Giving up Booze

For the last several years I haven’t been much of a drinker. Usually 2-4 drinks a week. Sometimes a bit more when there were a lot of social engagements during the week, sometimes a lot more. This is especially true in the summer with all of the social activities that follow warmer weather.

Last year, working through some of the data I keep on my moods with my therapist, I started to realize that there was a distinct pattern. I had more bad days following days that I had one or more drinks. If I had at least one drink for multiple days in a row, I would often find my moods on a downward trend. So, for the last eight months I was consciously reducing my alcohol consumption. I was feeling much better.

However, I was still drinking when we got together with friends, went to parties or had family gatherings. I was just being social. I almost always had a significant downturn in my mood the next day.

So, in mid-August I decided to try an experiment: no booze for thirty days. I wanted to try it for the sake of my mental health but I also thought it was an interesting challenge. So many of the social events I attend have an alcohol component.

I was pretty busy and didn’t have time to give the challenge much thought. At the end of the second week I reviewed how I was doing with my therapist. It hit me. My inner monologue of negativity had totally disappeared. The voice in my head telling me that I wasn’t good enough; that I didn’t deserve to be married to Clare; that my boss was sure to fire me any day now. They were completely quiet.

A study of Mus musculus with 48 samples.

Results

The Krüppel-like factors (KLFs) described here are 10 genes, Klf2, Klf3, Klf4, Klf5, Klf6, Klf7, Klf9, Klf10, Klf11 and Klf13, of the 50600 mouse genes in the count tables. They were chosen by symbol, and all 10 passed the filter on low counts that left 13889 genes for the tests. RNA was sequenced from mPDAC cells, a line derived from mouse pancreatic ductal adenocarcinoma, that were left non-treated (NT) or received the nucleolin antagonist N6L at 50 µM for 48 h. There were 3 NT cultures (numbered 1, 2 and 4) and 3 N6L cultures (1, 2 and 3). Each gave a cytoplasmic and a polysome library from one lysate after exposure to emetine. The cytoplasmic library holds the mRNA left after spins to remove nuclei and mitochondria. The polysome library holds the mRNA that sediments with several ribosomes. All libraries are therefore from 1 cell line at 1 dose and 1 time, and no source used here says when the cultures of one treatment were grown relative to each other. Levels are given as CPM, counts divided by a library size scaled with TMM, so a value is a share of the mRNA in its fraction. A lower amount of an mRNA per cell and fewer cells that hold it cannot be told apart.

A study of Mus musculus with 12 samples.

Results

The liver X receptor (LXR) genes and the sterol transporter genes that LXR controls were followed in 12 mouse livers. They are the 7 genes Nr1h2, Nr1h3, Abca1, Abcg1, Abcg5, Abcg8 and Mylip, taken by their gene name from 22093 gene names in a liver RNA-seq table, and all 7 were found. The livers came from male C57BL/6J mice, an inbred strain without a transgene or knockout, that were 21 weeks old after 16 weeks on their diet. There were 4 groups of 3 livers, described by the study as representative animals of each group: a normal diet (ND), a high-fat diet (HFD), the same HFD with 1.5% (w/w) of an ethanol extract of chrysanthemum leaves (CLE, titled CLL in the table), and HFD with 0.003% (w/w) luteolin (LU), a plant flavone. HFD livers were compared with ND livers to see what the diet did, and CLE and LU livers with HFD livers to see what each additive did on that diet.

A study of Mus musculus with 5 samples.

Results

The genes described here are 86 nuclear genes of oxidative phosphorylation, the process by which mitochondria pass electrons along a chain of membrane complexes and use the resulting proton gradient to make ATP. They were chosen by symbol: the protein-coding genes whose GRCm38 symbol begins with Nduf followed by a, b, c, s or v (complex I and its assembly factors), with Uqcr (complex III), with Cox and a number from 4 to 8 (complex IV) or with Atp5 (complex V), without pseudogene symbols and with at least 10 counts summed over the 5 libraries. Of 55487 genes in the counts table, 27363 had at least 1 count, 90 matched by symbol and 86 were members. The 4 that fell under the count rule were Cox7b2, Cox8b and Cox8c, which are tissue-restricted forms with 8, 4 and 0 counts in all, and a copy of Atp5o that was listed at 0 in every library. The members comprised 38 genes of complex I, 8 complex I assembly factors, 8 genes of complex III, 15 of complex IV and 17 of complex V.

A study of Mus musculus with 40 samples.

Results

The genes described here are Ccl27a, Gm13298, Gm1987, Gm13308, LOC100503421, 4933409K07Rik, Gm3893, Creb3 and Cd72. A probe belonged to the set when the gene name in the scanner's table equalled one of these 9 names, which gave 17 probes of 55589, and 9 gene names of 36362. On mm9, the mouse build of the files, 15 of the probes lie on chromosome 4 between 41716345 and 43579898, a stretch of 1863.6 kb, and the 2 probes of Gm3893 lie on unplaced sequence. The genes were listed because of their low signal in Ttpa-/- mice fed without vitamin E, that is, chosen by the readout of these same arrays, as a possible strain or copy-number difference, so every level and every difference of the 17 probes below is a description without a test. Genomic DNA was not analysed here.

I almost didn’t believe it. These thoughts tormented me most of my adult life and now they were just gone? I decided to extend the experiment. I had a wide range of social engagements lined up over the next few months. It would be interesting to see how sobriety affected my social life.

In that time I attended several parties, a cookout, a wedding reception, went out on dates with Clare, went to a conference and went bar-hopping through Austin. The fears I had of not being able to socialize were unfounded. I actually think I did much better without the voice in my head telling me that no one wanted to hear me talk. It wasn’t weird that I wasn’t drinking, most of the time no one noticed.

It hasn’t quite been three months, but I am declaring the experiment a success. I am going to extend the no-drinking habit indefinitely. If this is something you’ve considered trying, I can’t recommend it highly enough.